Care and Feeding

My Mother’s Attempts to Lift My Spirits Leave Me Feeling Crushed

Baby clothes.
Photo illustration by Slate. Photo by Evgeniy Skripnichenko/iStock/Getty Images Plus.

Dear Care and Feeding,

My husband and I have been together for seven years and want very much to have children. We have learned that it is difficult for me to conceive, and for some time now we have been undergoing fertility treatment. I did become pregnant more than once, but each pregnancy ended in a miscarriage at 8-14 weeks. Now my doctor has decided we are good candidates for IVF, so we start our first round in a month.

For some time, my mother has been buying baby toys and clothes, saying she’s storing up for her future grandbaby (my only other sibling has made it clear they do not want children). She’s constantly sending me photos of these items, especially after a miscarriage to try to “boost my spirits.” This definitely does the opposite of that. It leaves me feeling crushed. My mother and I don’t have the best relationship because of an abusive childhood, but I have really been working to mend our relationship in my adulthood. Yet I am dreading the next round of her shopping and picture-sending. How do I tell her to stop buying things without crushing her excitement?

—Ungrateful Child

Dear Ungrateful,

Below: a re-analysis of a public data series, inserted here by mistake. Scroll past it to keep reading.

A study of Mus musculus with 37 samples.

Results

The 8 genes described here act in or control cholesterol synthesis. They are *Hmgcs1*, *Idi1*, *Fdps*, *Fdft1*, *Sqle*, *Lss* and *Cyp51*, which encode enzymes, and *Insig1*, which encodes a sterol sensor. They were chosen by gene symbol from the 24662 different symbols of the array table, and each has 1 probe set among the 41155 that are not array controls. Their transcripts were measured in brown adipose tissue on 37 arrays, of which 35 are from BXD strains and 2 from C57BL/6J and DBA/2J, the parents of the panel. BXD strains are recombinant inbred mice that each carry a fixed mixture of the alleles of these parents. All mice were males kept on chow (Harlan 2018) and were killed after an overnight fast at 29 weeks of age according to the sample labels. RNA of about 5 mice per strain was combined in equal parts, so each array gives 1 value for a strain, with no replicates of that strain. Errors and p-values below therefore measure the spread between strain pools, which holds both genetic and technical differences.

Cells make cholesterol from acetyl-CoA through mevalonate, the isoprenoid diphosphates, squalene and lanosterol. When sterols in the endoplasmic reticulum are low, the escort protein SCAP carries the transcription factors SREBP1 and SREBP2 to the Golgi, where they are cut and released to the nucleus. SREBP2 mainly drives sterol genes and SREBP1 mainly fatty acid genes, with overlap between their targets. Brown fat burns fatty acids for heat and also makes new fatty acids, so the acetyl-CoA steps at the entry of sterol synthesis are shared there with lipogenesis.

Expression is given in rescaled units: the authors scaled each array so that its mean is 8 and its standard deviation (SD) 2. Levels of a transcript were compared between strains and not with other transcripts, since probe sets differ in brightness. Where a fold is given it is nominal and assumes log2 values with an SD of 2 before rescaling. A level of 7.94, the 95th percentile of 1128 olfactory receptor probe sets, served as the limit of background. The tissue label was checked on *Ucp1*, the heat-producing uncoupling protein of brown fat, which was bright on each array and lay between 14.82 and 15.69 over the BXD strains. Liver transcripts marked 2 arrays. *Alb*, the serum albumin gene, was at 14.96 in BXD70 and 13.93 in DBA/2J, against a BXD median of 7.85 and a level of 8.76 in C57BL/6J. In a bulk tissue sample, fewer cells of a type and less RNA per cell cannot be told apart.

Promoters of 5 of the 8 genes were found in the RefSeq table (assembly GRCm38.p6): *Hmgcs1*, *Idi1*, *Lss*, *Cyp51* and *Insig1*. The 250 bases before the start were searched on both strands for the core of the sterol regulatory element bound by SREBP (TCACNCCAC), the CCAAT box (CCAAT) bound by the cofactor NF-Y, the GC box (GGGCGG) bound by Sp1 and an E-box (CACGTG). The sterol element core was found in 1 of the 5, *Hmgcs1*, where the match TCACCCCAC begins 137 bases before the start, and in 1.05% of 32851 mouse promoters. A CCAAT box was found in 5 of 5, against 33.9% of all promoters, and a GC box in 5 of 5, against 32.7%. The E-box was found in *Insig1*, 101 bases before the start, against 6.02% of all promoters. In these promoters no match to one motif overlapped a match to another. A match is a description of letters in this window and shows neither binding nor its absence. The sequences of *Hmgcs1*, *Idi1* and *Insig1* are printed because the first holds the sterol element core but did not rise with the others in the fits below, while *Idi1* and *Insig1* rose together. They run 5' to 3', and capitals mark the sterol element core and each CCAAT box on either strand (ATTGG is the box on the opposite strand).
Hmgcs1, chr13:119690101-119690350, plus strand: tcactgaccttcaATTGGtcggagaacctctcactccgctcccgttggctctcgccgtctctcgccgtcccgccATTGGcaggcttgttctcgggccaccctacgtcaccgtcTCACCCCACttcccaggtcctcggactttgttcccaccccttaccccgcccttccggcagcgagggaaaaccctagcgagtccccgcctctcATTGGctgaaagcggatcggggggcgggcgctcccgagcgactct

You are not ungrateful. You are in an understandably fragile state of mind (and heart). How about being utterly honest with your mother? This does not have to be “crushing” to her. Tell her you love her, you value your relationship with her, you’re delighted that she is so excited about the possibility of grandchildren, but because of your experiences of pregnancy so far—and because you are so hopeful and worried and fearful about what will happen next—you cannot bear seeing or hearing about these purchases. If she wants to keep buying things, that’s fine. She just needs to keep them to herself. If she cannot do that—if she cannot center your feelings, your experience, and your request of her, then the work you’ve done to mend your relationship with her, I’m afraid, has been in vain. She will not be able to be a good mother to you even now, and you are going to have to distance yourself from her. I hope it doesn’t come to that—I hope she can hear you and really take in what you tell her. One’s responsibility to be loving and respectful of one’s children does not end when they reach adulthood. (And it’s never too late to start behaving like a parent, either.)